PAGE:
What does being fit mean?

We tend to look at professional sportsmen when we try to define "being fit". Unfortunately,t while their own type of "fitness" is good for their particular sport, it is not useful way to define fitness for the bulk of the population.

Mo Farrow can keep running for hours but he could never beat Usain Bolt over 100mtrs. Chris Froome has impressive heart, lungs and legs but, in common with other top cyclists, goes to great lengths to avoid building upper body muscle which is just dead weight on a bike, 

Olympic weight lifters can generate enormous amounts of force for two perhaps three seconds but would struggle to match the power of a gymnast who can produce slightly less power but can keep doing it for several minutes and can also demonstrate phenomenal flexibility and balance.


Fit for life

Top professional athletes must trade off different elements of fitness to reach the pinnacle of their sport but most of us mere mortals will benefit most from a good balance of the different elements of fitness.

Even those who continue to compete at national age group level benefit by maintaining such a balance; it tends to protect against injury and, perhaps surprisingly, illness.

Elements of fitness

Fitness involves all the body's systems; cardiovascular, musculoskeletal, nerves, endocrine and brain being the main contributors.

We are seeking to get a balance between:

  • Strength (force)
  • Power (work rate)
  • Muscular endurance
  • Cardiovascular strength
  • Cardiovascular endurance
  • Flexibility
  • Balance

as well as ensuring we are not carrying excess weight, too much cholesterol in the blood, too few if the right vitamins & minerals and have a healthy immune system.

And while we do all this ensuring that we get sufficient sleep and a healthy mind.

Complex Systems, Simple Solutions

All our body's systems are obviously linked, with complex interactions and their development is also a complex process. However, it is reasonably straight forward to make the development happen providing we follow some simple rules, understand what is going on and apply that knowledge consistently.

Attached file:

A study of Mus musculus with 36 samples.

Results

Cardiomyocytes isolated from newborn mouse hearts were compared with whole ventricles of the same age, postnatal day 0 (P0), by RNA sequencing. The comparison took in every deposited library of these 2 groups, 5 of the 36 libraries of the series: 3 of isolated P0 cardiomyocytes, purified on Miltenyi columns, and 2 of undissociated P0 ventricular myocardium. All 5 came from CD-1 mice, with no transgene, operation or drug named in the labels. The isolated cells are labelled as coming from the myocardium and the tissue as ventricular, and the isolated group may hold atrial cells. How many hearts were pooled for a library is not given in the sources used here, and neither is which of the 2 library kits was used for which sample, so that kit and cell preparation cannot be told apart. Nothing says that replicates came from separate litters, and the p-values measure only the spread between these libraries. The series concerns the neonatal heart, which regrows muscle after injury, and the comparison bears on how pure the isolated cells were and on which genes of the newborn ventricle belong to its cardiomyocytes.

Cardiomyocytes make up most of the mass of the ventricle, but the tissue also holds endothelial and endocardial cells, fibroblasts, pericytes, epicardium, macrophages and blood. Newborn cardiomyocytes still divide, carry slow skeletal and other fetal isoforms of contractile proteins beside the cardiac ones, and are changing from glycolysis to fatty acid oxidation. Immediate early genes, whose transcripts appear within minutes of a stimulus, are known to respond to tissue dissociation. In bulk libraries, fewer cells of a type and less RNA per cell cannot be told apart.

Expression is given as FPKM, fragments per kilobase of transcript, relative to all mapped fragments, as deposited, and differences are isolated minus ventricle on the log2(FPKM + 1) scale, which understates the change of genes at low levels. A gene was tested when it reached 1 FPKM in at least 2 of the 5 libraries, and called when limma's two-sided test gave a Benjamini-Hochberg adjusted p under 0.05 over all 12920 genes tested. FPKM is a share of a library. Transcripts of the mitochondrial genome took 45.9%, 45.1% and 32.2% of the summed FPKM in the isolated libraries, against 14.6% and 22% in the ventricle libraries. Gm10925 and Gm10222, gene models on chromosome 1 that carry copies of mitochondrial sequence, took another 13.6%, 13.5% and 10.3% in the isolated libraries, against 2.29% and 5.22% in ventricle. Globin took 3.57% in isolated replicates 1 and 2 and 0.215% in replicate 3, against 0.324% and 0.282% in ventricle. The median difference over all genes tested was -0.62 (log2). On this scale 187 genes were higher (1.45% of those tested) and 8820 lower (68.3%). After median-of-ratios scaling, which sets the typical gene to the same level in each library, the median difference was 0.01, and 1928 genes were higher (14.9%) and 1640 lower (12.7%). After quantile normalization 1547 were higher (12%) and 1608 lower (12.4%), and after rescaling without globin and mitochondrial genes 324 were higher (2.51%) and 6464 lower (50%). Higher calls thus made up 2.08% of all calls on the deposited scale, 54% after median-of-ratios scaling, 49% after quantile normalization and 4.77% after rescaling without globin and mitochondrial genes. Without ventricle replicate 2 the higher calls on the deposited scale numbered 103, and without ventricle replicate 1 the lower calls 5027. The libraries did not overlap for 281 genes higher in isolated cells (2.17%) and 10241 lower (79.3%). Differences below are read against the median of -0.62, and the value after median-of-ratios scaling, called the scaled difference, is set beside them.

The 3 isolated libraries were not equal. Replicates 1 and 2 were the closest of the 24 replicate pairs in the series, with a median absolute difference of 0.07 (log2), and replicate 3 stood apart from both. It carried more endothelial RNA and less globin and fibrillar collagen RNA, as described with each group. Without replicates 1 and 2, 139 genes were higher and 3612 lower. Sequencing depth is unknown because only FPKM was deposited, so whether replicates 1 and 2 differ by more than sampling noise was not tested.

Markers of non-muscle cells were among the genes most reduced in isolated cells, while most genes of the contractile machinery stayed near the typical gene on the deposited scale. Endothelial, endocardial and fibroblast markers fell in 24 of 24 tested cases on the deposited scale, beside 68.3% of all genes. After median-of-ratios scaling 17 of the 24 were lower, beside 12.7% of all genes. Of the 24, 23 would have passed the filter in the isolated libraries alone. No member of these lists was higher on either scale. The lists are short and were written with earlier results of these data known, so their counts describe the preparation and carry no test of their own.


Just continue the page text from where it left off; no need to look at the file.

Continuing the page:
Principles of Training

The underlying principle is to push the body a little further than is comfortable which induces it to adapt; run a little further or faster today, lift a little more, stretch a little further and tomorrow (or a day or so later depending on your age) and you will be able to do it easily.

The different systems require different approaches and even within systems, there are subtle differences. For example:

  • To develop additional muscle you should lift close to the maximum that you can repeat 2 - 3 times without a rest
  • To develop the maximum strength of that muscle you should aim to lift as much as you can repeat about 6 times
  • To develop the endurance of the muscle 12 - 15 repetitions.

If you follow one of our programs you will be doing a carefully thought through series of sessions designed to fit with your particular goals.

Eating Well

Being the right weight, having the foods that give you the right nutrients and enjoying it are also essential aspects of fitness.

Being over or underweight makes day to day activities harder; it affects posture, mood and energy levels. It puts a strain on joints and muscles and makes you prone to a whole series of medical conditions.

If you're not fueling the body properly you'll lack energy, you'll not be able to exercise effectively and your body will not have the nutrients to make the adaptations your exercise is designed to produce. Added to that it will affect your mood which affects the way you behave.

And if you're not enjoying your food you'll not stick to any diet sold to you by the diet industry - or the latest fad pushed by the newspapers of magazines.

Which is why our programmes include sensible guidance on nutrition.

The Right Mindset - not will-power

If you're not enjoying it you won't do it. It's not really a question of will power! Evolution developed systems in the body that make us feel good when we do the right things to sustain the body.

The reason we feel pain and pleasure, discomfort and satisfaction is that these sensations are designed to drive us to behave in ways that are good for us. So when we don't get the right feelings we have to fight the urge to stop. And eventually the feelings will win.

The key is to change the way your mind behaves.